After an incredible 15 years – and more 8/10 jokes than we care to count – Eurogamer.net has dropped review scores. It's not the first site to do so – both Kotaku and Joystiq (RIP) ditched numbers and stars a while ago – but the news seems significant this time because our buddies from Brighton operate a more traditional publication, which has slightly different values and goals to the aforementioned blogs. It's clear, with each passing day, that games journalism is changing, and that's providing us, here at Push Square, with an interesting challenge. In light of today's announcement, then, we've pulled editors Sammy Barker and Robert Ramsey into a single article, so that they can spew their thoughts on review scores.
Review Scores Work When Done Properly, Says Sammy Barker
I know you won't all believe it, but we put a lot of effort into review scores. Every review that you read on this site comes through Robert or I, and, as the team will attest, we usually end up making adjustments. It's this second eye which I believe pushes the site above many of its peers; we work hard, with the reviewer, to get to the crux of what they're trying to say – and sometimes that means adjusting the number that's assigned at the bottom of the text.
I see these figures as a complement to the writing, and I'll never understand why certain forum goers are so staunchly against them. There will always be people that only look at the number, and maybe some think that ditching them entirely will force those few to actually read and determine their own verdict – but I personally think that they'll just look elsewhere. We're living in an age of short attention spans, and scores provide publications like this one with the quickest method of getting information across.
I think our review scores serve a very important purpose, then, and I like that the granularity of our ten points system allows us to guide you towards niches that you may yet enjoy. A personal recent example of this could be applied to Life Is Strange, a game which Graham Banas awarded a 6/10 in his review. I don't disagree with a word that he said in his critique, and I think that the score was spot on based on his observations, but our scale indicates that "you may still really enjoy a 6/10". Guess what? I loved it.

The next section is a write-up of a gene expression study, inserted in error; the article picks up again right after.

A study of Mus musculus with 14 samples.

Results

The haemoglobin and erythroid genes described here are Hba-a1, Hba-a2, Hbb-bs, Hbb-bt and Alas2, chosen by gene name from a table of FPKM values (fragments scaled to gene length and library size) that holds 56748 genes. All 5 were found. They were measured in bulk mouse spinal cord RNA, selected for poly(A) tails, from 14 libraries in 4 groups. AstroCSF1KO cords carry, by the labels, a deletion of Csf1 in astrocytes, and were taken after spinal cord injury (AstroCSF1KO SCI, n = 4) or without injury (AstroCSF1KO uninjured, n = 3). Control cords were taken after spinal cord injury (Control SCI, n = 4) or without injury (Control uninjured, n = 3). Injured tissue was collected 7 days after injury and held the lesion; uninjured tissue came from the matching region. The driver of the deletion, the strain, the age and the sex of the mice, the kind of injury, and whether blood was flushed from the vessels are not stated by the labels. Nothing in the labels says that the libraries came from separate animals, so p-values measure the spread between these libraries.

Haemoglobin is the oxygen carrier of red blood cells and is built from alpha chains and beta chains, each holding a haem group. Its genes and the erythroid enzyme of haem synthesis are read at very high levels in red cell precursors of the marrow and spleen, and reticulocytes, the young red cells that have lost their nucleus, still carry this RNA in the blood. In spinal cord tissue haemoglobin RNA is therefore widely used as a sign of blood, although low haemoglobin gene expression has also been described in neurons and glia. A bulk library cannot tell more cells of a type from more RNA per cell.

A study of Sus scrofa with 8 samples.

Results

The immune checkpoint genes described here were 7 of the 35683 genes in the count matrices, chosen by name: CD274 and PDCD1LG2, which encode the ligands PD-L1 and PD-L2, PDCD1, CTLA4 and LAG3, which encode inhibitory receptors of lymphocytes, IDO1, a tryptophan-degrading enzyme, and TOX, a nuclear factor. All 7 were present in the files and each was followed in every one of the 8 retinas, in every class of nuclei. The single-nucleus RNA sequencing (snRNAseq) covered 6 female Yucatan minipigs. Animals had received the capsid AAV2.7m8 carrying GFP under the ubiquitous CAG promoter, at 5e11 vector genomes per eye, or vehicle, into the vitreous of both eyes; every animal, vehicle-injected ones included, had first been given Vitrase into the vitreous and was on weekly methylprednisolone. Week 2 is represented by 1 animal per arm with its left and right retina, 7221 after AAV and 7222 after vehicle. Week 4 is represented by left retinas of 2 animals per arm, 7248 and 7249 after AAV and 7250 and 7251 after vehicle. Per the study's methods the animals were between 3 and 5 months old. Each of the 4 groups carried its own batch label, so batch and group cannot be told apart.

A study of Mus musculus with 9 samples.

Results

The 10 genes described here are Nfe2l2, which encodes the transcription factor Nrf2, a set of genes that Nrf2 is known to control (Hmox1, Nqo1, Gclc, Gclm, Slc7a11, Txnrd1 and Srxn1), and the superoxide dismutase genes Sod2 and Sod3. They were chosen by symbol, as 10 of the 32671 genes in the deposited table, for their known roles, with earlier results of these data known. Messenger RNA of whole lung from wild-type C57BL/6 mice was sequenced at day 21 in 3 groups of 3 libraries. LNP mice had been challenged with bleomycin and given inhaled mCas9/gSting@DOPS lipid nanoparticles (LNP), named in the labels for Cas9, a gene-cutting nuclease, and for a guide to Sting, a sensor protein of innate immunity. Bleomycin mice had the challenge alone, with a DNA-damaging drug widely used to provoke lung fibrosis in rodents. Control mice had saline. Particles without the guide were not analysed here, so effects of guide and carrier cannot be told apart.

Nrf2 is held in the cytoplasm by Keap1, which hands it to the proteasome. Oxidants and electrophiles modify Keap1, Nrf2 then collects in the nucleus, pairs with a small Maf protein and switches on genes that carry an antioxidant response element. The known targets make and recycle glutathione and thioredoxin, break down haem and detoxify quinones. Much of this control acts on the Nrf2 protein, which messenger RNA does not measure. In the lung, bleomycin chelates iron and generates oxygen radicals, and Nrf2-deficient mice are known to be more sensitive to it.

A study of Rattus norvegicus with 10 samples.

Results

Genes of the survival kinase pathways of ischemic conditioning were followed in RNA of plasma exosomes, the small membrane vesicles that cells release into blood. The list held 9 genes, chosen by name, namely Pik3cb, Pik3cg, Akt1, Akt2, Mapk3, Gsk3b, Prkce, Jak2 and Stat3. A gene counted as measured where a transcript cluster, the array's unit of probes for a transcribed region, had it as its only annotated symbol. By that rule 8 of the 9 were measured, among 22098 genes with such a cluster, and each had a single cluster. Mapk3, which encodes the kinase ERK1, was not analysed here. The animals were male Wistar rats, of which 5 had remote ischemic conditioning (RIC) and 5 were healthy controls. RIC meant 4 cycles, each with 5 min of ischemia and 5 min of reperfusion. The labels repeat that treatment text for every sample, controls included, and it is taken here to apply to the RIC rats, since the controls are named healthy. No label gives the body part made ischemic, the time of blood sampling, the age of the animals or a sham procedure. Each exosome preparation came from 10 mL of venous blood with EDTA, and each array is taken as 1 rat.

The problem with review scores, then, is that people attempt to apply a blanket formula to every single site, and that just doesn't work; a 6/10 on IGN could mean something wildly different to a 6/10 on Push Square. This obviously introduces issues when Metacritic attempts to define averages from disparate scales, but, frankly, I don't see this as my problem to solve. I'll continue to champion review scores on Push Square because I think that we do them right, and I think that they add real value on the reader's behalf. The second that that changes, I'll reconsider my stance.
Why Shouldn't Review Scores Be There? Ponders Robert Ramsey
Review scores are a funny concept, when you think about it. A result of man's obsession with categorising everything under the sun, applying numbers to something that teams of people have slaved over for years at a time seems like a weird idea – but it's a concept that's always worked.
Whether we like it or not, review scores are a foundation of the gaming media, and sites like Metacritic are an important part of an armchair analyst's exciting life. Jokes aside, it's easy to dismiss review scores as an outdated and uncool practice, but it's also equally easy to forget how many people read reviews purely for that big number at the end of it.
Having reviewed almost 100 games for Push Square over the course of around two years, I've lost count of how many times someone's disagreed with a score that I've slapped onto the end of 1,000 words. It's also clear, more often than not, that those who disagree simply haven't taken the time to read why the game in question received the score that it did, and I can guarantee that this is something that every reviewer on the 'net has thought about at least once.
The fact of the matter is that you can't force anyone to read something. If they're visiting your site just to catch a glimpse of that precious number, then what can you do? Eurogamer.net's new stance is a bold one, if unoriginal, and it's essentially putting trust in its readers to actually read the reviews that its writers have likely toiled over for hours.
Personally, I'm a bit divided on the whole issue. On the one hand, I think that review scores are useful; they're an indicator, allowing readers to quickly get a measure on how good a game is. On the other side of things, many people interpret scores as the be-all and end-all of someone's opinion, and that thought process usually leads to a minefield of discrepancies.
I suppose that a lot of this comes down to what you think a review's primary purpose actually is. For me, it should be a way to help you to form an opinion on a game – and if you haven't bought that game yet, then a review should almost act like a little buyer's guide. Ultimately, if the score at the end of a review helps you to decide how to spend your money, then why shouldn't it be there?
Do you think that review scores have a future, or would you prefer publications like Push Square to dump them? Score us out of ten in the comments section below.